Lisandro Moreno has been smoking with mesquite at his little smokehouse in Laredo since 2007. Along the Rio Grande it's hard to keep regular customers coming back with the whole family unless you serve a little more than just smoked meat. Lisandro still offers a mighty sampler platter of meat (more on that in a bit), but along with other traditional Tex-Mex favorites you can find his unique take on barbacoa.
These days barbacoa is usually steamed or baked, and this is traditionally done without seasoning. At Briskets & Beer Smokehouse, you'll find a beef cheek that bucks the trend. These cheeks are first smoked for about forty minutes over a 400 degree mesquite fire, seasoned with cumin and garlic and then placed in a covered electric cooker overnight. A portion is served in a homemade flour tortilla along with cilantro, onion, lime wedges and hot sauce, but with all the flavor already in the meat, just a few dabs of hot sauce is all that's needed. This is some excellent smoky barbacoa, and alone is worth the trip.
As promised, we also got a sampler plate of brisket, sausage, chicken and beef and pork ribs. The beef back rib was tender with loads of smoke. While there's never much meat on a back rib, the meat here came off easily enough that you could enjoy every bite.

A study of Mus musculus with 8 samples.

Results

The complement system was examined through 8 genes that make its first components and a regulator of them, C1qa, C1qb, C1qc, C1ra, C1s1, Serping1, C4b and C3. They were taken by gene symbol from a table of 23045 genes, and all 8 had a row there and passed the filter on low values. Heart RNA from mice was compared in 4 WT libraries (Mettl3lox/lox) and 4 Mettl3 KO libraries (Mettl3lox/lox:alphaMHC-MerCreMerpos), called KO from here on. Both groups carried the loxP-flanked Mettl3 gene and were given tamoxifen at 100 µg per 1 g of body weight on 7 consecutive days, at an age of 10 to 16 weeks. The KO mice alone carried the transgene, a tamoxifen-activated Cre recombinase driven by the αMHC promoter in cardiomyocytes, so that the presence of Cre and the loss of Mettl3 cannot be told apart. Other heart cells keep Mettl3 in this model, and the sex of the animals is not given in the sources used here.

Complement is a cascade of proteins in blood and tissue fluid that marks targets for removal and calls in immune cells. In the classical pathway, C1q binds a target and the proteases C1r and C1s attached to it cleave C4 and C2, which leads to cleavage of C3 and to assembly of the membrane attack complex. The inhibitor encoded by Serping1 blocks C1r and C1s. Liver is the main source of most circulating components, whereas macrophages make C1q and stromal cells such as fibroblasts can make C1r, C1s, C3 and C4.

Pork ribs were also very good. A generous amount of meat was left covering the bones of these unusually large St. Louis ribs. A rub rich in aromatics was thin enough to let a good crust form, and even the thickest part of the meat was tender and moist. Brisket is probably wrapped during cooking then stored in its own juices. The meat's surface was wet, but the muscle had dried and toughened a bit. The smokiness was there, but with all the fat was gone and the flavor from the seasoning was washed out. Smoked chicken was plenty moist, but otherwise average. A commercial sausage was well spiced with black pepper. The casing had a good snap and plenty of good smoke.
They had dessert on the menu, but our dessert consisted of a couple of perfectly executed stuffed jalapenos. Called jalapeno smokers on the menu, Lisandro uses only large jalapenos. He fills them with a mixture of spiced up chopped beef and cream cheese then wraps them in bacon and smokes them. The procedure here is not ground-breaking, but the execution is flawless. The bacon is purposefully thin so it forms an even crisp layer of salty pork fat overtop a jalapeno that still has a hint of crispness remaining. If you've ever had a limp pepper wrapped in soggy bacon, you know what I'm talking about.
The brisket was far from flawless, but this was easily the best traditional barbecue we consumed for over a hundred miles in any direction. Order some ribs, a few jalapeno smokers and plenty of barbacoa tacos for the table. It'll be worth the trip.